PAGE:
Scientist Karen Beazley says the warming is accelerating and changing ecosystems

Spring has now sprung in Halifax and the winter records are in. According to Weather Underground, this past December, January and February had an average maximum temperature of almost 9°C.

If Halifax winters seem different from when you were little, it's not your imagination. Winters in Halifax averaged a high of 3-4°C in the 1970s but now it is around 7-8°C.

040822 - warmer winters

 

"It's not just your perception. That fits with what people are finding globally," said Karen Beazley, an environmental scientist at Dalhousie University. 

Beazley herself remembers the different Nova Scotia winters of her childhood.

"There was tons more snow and a lot less rain. It was colder and you'd be bundled up," Beazley said.

But not all seasons are warming at the same rate. While Halifax winters have gotten almost twice as warm since the 70s, temperatures for the two warmest months of the year haven't drastically increased yet.

"That's reflective of trends elsewhere... that winters are warming significantly more than the summers are, but what is happening is that the heat extremes are higher. Summers are getting drier," Beazley said.

The effects of such warming on the local ecosystems are huge, and according to Beazley, there will be winners and there will be losers. One clear winner is the insects that humans refer to as "pests."

"There are different species that might be able to survive the winter now that didn't use to before. Without those cold snaps in the winter, there are a lot of soil pests and diseases that aren't killed off," Beazley said.

Any mammals that make burrows under snow during winter are now seeing cataclysmic changes to their survival abilities.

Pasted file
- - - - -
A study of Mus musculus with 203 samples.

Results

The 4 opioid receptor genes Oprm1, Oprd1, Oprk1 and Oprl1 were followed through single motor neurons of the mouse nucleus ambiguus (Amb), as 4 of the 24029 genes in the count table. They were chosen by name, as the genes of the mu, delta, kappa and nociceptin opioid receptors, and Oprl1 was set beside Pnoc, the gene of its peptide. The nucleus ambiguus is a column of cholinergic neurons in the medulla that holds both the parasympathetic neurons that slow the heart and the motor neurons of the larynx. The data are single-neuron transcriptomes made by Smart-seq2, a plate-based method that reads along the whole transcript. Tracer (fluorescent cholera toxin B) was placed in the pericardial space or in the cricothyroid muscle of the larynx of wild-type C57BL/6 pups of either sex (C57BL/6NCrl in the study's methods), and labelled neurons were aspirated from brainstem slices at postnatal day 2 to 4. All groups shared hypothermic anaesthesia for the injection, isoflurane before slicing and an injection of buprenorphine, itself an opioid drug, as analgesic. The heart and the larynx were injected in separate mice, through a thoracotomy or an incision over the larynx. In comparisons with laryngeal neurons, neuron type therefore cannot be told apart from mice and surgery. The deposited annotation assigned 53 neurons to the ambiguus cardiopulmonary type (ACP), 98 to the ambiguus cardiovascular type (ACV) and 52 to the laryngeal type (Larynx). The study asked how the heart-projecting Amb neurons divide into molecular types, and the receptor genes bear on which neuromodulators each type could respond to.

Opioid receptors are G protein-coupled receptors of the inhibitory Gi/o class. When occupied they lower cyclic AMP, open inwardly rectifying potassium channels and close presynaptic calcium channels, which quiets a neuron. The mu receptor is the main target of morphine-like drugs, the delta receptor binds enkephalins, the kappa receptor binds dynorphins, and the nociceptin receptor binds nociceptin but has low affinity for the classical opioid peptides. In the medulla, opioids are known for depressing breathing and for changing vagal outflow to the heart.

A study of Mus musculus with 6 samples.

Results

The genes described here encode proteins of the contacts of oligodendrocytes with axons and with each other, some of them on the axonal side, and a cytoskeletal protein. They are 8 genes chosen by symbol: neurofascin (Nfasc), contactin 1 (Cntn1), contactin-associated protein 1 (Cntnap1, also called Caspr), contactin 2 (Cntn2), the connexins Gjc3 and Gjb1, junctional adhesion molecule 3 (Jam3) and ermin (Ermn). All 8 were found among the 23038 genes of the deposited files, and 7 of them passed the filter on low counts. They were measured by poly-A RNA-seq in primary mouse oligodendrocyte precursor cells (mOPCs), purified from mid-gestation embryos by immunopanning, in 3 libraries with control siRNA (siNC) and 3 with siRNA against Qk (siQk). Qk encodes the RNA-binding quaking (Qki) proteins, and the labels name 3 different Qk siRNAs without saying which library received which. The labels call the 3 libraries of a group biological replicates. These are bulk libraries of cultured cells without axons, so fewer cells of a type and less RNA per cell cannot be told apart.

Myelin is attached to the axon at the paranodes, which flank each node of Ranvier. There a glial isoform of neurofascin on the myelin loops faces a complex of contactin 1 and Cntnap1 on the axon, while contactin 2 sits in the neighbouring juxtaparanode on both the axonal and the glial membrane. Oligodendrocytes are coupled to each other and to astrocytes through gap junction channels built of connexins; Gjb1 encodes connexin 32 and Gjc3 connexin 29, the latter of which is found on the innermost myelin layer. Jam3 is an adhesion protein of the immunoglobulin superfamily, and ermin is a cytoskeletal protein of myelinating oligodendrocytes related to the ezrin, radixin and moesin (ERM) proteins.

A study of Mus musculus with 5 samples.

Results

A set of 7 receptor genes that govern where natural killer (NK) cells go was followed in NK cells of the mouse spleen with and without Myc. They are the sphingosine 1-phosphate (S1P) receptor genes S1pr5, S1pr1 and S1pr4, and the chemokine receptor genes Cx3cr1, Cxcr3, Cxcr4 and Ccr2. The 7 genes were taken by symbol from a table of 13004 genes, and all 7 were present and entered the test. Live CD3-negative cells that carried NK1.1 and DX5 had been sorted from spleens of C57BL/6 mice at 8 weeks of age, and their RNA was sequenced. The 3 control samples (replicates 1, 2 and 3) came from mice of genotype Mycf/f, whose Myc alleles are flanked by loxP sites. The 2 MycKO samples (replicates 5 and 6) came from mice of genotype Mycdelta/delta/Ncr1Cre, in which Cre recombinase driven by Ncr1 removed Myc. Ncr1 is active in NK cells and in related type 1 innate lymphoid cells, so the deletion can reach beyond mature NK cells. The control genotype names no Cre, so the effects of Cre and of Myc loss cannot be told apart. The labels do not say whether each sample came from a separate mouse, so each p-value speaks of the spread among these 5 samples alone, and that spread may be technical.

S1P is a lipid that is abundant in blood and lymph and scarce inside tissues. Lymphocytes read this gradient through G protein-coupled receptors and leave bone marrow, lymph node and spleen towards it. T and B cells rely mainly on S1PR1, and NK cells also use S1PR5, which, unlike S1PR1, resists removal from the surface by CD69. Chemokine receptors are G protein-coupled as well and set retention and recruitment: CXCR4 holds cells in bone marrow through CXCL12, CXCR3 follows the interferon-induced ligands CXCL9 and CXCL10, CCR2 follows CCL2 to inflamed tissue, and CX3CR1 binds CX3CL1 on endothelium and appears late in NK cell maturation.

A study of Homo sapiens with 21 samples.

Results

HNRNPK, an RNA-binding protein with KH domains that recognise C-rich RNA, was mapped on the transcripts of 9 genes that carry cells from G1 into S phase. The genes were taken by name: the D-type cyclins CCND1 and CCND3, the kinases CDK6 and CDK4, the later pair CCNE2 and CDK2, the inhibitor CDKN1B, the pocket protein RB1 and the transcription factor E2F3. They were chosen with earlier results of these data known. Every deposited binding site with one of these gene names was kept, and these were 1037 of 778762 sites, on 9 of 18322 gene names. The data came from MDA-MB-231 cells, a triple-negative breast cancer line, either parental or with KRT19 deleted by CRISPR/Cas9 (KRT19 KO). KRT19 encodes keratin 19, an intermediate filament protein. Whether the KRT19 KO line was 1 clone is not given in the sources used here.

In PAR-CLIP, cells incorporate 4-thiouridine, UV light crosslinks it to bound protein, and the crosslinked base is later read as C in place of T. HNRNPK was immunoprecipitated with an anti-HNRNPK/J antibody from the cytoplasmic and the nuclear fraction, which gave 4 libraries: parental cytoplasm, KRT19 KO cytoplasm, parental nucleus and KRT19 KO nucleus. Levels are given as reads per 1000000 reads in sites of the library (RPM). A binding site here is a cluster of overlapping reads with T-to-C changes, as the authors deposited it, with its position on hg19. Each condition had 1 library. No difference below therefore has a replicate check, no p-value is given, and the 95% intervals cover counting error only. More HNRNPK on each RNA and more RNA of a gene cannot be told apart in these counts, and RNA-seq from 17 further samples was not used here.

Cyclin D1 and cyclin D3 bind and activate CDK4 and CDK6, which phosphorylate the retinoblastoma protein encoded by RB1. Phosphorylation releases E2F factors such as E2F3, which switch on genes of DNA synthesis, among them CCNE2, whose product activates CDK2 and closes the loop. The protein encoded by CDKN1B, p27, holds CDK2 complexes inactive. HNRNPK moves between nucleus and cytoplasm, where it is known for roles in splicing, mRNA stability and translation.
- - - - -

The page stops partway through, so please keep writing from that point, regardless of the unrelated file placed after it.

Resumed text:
"It's a lot harder for the small mammals and birds to forage from the ground and under the snow and seek shelter," Beazley said.

Even somewhat similar species will become divided into the winner and loser categories generated by climate change. 

"The warming climate will favour the deer and will cause greater stress on the moose," Beazley said.

An even more significant concern is that the already existing temperature increase was slow compared to what's ahead for Halifax.

"There's a bit of a lag time. So, the emissions that we have created over the last 50 years aren't really being felt yet. No matter what we start to do today, there's that lag time. We're still going to have increasing temperatures..." Beazley said.

According to ClimateWatch, Canada has the worst emissions per capita in the developed world. And according to Statistics Canada, Nova Scotia is tied for the worst emissions per capita in the country.

"The political will has not been there. Ultimately, the powers that be are not going to do anything if us, the masses, don't really push them to do it," Beazley said.

NOTE: This story has been altered. It originally stated December, January and February had an average temperature of almost 9°C.




About the Author: Ryan Bellefontaine

Aspiring data journalist, economic analyst and political commentator.